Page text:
Among men undergoing biopsy for suspected prostate cancer, targeted magnetic resonance/ultrasound fusion biopsy, compared with a standard biopsy technique, was associated with increased detection of high-risk prostate cancer and decreased detection of low-risk prostate cancer, according to a study in the January 27 issue of JAMA.
The current diagnostic procedure for men suspected of prostate cancer is a standard extended-sextant biopsy (i.e., standard biopsy). Advances in imaging have led to the development of targeted magnetic resonance (MR)/ultrasound fusion biopsy (i.e., targeted biopsy), which has been shown to detect prostate cancer. The implications of targeted biopsy alone vs standard biopsy or the 2 methods combined are not well understood, according to background information in the article.
Peter A. Pinto, M.D., and M. Minhaj Siddiqui, M.D., of the National Cancer Institute, National Institutes of Health, Bethesda, Md., and colleagues examined the outcomes of 1,003 men who underwent an imaging procedure to identify regions of prostate cancer suspicion followed by targeted biopsy and concurrent standard biopsy from 2007 through 2014 at the National Cancer Institute. Patients were referred for elevated level of prostate-specific antigen (PSA) or abnormal digital rectal examination results, often with prior negative biopsy results.
Targeted biopsy diagnosed a similar number of cancer cases (461 patients) to standard biopsy (469 patients). There was exact agreement between targeted and standard biopsy in 690 men (69 percent) undergoing biopsy. However, the 2 approaches differed in that targeted biopsy diagnosed 30 percent more high-risk cancers vs standard biopsy (173 vs 122 cases) and 17 percent fewer low-risk cancers (213 vs 258 cases).
Adding standard biopsy to targeted biopsy lead to 103 more cases of cancer (22 percent); however, of these, 83 percent were low risk while only 5 percent were high risk; 12 percent were intermediate risk. Thus, the usefulness of combining these methods was found to be limited, with the number needed to biopsy by standard biopsy in addition to targeted biopsy to diagnose 1 additional high-risk tumor was 200 men.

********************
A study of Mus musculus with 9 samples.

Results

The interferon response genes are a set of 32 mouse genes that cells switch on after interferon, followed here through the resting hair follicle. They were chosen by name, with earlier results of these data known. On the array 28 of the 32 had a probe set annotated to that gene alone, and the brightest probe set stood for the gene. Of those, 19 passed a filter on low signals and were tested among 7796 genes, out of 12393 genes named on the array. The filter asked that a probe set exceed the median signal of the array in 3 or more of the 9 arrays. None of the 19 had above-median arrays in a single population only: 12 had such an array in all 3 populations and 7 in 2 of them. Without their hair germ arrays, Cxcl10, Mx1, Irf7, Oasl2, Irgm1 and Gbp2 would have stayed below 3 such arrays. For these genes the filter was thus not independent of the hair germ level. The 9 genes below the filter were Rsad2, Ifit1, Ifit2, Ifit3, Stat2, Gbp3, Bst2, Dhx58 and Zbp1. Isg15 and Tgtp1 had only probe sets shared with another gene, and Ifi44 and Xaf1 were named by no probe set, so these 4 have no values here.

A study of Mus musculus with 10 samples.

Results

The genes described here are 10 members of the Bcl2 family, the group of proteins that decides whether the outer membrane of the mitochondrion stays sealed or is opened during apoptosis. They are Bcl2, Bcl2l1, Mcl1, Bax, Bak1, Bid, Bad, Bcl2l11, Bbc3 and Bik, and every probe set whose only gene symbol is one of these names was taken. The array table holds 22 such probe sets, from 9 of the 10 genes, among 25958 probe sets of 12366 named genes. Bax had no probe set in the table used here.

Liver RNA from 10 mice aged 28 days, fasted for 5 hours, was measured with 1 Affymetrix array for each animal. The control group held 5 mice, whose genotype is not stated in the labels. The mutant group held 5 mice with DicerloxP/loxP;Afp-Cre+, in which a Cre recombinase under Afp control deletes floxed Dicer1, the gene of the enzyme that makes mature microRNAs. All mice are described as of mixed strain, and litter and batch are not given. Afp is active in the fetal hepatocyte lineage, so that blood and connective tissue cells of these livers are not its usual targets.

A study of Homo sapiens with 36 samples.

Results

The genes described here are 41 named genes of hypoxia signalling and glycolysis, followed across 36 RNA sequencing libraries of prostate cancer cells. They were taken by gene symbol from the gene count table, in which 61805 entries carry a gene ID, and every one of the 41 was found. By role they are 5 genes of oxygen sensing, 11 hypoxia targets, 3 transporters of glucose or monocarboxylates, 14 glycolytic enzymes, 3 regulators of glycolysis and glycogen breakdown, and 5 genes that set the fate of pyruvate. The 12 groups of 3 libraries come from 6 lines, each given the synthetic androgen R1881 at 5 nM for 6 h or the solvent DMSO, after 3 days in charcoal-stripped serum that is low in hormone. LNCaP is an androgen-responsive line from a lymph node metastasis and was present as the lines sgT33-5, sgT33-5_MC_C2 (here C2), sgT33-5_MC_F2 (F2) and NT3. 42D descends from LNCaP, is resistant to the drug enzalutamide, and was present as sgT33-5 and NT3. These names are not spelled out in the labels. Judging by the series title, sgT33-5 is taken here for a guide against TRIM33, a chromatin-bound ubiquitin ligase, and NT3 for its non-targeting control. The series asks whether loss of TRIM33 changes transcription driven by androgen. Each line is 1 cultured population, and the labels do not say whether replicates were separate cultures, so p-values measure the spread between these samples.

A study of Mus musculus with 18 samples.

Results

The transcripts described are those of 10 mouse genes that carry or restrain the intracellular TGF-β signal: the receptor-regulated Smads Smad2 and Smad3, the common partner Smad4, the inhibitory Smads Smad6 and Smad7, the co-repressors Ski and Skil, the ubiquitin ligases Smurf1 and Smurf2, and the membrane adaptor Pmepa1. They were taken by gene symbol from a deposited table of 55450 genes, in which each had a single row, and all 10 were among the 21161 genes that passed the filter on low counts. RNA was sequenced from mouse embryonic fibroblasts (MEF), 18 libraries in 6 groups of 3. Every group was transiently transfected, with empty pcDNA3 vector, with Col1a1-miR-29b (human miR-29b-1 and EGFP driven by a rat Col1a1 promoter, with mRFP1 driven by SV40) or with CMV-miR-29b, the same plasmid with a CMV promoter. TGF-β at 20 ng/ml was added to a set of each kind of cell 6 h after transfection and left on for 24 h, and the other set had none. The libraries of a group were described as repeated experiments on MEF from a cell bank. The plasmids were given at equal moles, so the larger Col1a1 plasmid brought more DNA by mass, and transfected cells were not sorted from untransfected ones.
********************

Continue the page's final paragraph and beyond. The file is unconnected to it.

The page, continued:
The predictive ability of targeted biopsy for differentiating low-risk from intermediate- and high-risk disease in 170 men with whole-gland pathology after prostatectomy (surgical removal of the prostate gland) was greater than that of standard biopsy or the 2 approaches combined.
"This study demonstrated that targeted biopsy could significantly change the distribution of risk in men newly diagnosed with prostate cancer toward diagnosis of more highrisk disease. Although these improvements in risk stratification could translate into substantial clinical benefits, it is important to recognize that this study is preliminary with regard to clinical end points such as recurrence of disease and prostate cancer-specific mortality. These findings provide a strong rationale for the conduct of randomized clinical trials to determine the effect of targeted biopsy on clinical outcomes," the authors write.
Editorial: MR/Ultrasound Fusion-Guided Biopsy in Prostate Cancer
"Decisions to adopt new technologies such as this one that occupy a largely unregulated space ultimately rely on clinicians and payers, based on available data," write Lawrence H. Schwartz, M.D., of the Columbia University College of Physicians and Surgeons, New York, and Ethan Basch, M.D., of the University of North Carolina, Chapel Hill, and Associate Editor, JAMA, in an accompanying editorial.
"Any test that can inform decision making and potentially spare patients harm is immediately appealing, even if the effect on clinical outcomes is unknown. Nonetheless, a new test should not be widely adopted in the absence of direct evidence showing benefits on quality of life, life expectancy, or ideally both. Therefore, the scientific community has the responsibility to ensure through clinical research that promising new technologies such as MR/ultrasound fusion imaging-guided biopsies bring value to patients."